20 Years of Weird—Eroweird
Originally published in Erowid Extracts #29
Citation: Erowid. "20 Years of Weird—Eroweird". Erowid Extracts. Aug 2016;29:2-3. Online edition: Erowid.org/general/about/about_article17.shtml
Though it began as a side project in 1995, Erowid rapidly became an immersive lifework for the two of us (Earth and Fire). It quickly moved to a 40-hour-a-week hobby and finally became an income-earning job in 1999, when we first asked for donations. In 2001, Sylvia Thyssen joined us, having already worked at MAPS and DanceSafe. Then in 2004, JL started helping, after experience with drug policy in the European Union. Between the four of us, we've collectively spent almost 80 years swimming in drug information soups.
Many Goals Reached2016 was Erowid's 20th year of operation! With only a few minor service interruptions in two decades, we've achieved one of our major goals: to facilitate reliable access to and the evolution of information about psychoactive drugs, especially psychedelics. Erowid has been recognized widely as being part of the web's backbone of information about mind-affecting substances. And the community of drug geeks that has developed online has become increasingly diverse and robust.
A big part of our first decade of operations was to nail down basic concepts that were not universally known and hadn't already been articulated online. We developed memes related to careful decision making and mindfulness. We helped popularize the idea that personal responsibility in drug use is not only possible, but should be the norm. Erowid recorded examples that disproved the representation by prohibitionists that all unapproved use is irresponsible abuse. We also worked to definitively knock down some of the false myths that persisted in the psychoactive-using subcultures.
Through the Looking ScreensSince we first started Erowid, the two of us have always sat at side-by-side desktop computers, with chairs about arm's length apart. Our "HQ Command Center" has lived in four different houses: a laundry room office in Woodside where Erowid began; a wood-heated hippy cabin in the coastal redwood forest on the crest of the mountains south of San Francisco where Erowid went full time; a rural, suburban storage palace in the foothills near Grass Valley; and now, a magical closetless wood-beamed cabin (and barn!) jammed into the side of a chasm in California's gold country.
Our monitor real estate has expanded from one large CRT apiece (in the mid-1990s) to three large LCD screens each and a seventh oversize screen to share. With the need to stay connected to team members, contributors, supporters, and drug geeks around the world, we use dozens of different systems and services. We're constantly monitoring news, communications, drug-related publications, and forums, as well as our own technical server systems. WWW, IRC, XMPP, SSH, Skype, SMS, Twitter, Facebook, POTS, ICINGA. Oh my! Our primary undertaking is managing the flood of info.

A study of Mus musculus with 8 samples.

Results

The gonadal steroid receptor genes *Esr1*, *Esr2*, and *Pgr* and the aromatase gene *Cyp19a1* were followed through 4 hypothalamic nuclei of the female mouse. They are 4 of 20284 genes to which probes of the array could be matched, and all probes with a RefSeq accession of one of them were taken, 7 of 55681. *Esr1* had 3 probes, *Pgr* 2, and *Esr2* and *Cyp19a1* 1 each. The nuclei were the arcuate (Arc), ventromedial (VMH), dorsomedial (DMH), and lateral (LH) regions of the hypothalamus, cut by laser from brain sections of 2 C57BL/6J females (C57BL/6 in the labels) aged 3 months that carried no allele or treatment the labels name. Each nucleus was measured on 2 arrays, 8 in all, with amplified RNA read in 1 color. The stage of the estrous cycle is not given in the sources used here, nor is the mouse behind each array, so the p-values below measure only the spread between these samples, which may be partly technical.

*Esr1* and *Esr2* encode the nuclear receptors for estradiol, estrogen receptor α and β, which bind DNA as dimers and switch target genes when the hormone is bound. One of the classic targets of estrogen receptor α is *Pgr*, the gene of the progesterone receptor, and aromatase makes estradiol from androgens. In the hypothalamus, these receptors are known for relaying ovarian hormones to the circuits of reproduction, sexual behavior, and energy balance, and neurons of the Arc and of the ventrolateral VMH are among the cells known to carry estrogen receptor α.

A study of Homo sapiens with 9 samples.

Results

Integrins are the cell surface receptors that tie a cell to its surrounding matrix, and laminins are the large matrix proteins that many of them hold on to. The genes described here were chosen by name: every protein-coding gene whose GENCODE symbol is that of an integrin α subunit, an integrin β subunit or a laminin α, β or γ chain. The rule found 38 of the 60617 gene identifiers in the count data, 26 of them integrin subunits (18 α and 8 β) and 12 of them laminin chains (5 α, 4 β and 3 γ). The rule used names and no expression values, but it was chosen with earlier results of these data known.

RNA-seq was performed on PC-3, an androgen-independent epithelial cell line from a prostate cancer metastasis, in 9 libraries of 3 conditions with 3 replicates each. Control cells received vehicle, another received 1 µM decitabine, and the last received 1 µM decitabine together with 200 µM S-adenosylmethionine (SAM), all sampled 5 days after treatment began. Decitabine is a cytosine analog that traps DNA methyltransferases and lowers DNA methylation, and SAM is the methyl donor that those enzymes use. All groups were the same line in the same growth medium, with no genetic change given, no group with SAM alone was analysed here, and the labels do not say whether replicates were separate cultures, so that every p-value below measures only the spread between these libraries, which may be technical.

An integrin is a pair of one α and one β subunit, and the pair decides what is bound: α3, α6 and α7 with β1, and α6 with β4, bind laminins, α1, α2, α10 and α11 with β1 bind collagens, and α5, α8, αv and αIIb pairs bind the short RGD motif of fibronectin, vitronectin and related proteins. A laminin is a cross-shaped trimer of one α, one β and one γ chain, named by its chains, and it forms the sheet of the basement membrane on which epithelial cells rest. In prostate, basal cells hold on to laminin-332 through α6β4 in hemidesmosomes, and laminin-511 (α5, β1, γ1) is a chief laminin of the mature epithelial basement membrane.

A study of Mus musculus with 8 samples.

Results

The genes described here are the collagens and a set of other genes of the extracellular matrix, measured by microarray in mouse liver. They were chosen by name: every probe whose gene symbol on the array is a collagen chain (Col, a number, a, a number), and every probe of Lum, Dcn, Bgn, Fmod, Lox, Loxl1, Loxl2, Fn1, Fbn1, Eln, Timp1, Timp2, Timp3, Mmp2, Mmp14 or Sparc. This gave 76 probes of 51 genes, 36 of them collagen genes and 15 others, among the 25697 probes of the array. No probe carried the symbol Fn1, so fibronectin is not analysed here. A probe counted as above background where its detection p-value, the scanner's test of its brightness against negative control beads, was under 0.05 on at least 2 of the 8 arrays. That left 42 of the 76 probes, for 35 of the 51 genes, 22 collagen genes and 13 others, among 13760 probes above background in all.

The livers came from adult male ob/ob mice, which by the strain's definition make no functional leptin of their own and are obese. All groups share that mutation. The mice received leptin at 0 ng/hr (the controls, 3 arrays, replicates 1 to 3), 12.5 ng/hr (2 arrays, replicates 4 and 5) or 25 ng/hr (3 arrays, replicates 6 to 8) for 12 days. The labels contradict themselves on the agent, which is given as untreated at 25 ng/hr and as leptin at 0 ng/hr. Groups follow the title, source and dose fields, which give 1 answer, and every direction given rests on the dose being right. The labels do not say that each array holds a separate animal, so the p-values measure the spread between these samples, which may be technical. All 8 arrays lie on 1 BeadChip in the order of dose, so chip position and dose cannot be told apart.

The Tin Cup and the WaterfallBy mid-1996, we were already immersed in drug information overload. There were so many places where information was needed and yet most existing resources weren't accessible. When asked what it was like to run Erowid, Fire described a visualization that has stuck with us: We're standing in the midst of a torrential waterfall of information, flowing down on us from above. We're each holding a small tin cup, moving it around to try to catch the best, most important bits of information as they rush by.
There's a sense that we're constantly missing lots (even most!) of the interesting things in the streams of water, but there's always more on its way down. As soon as we hold out an empty cup, it fills up instantly with more information than one could ever hope to process, let alone understand or fully take in. But over time, as a species, working together, we can collaboratively improve our understanding of the data flowing by.
Time FractalWhen we reflect on how long we've lived our lives installed in Erowid HQ, we're struck by how strange time is. The world is weird. And for those who've been paying attention, it's been weird for a very long time.
Twenty years is the blink of a planet's eye, a femto second in the history of the universe, and yet it's half of a human's career. So here we sit companionably, side-by-side in our healthfully ergonomic chairs, 10-12 hours a day nearly every day, peering into the vastness through our wall of screens. Continuing twenty years of recursive post-post-postmodern anthropological documentary work that merges and swirls with the self-reflective fractal of consciousness.
Plants, Chems, Practices, & TechsWe study mind-altering tools and the people who use them. Once we scratched the surface of the topic of psychoactives, we realized the inherent feedback loop: changes to thinking shift choices about the tools that changed the thinking in the first place. The next generation of tools is then developed following experiences that were shaped by the current ones. Drugs, identity, art, technology, science, law, society, spirituality, and mindful practices: they each affect the others and the process rolls on and in and up and down.
There's a surreality to studying psychedelics and the emanating fields of weirdness that reverberate throughout all layers of society. Everything is psychoactive.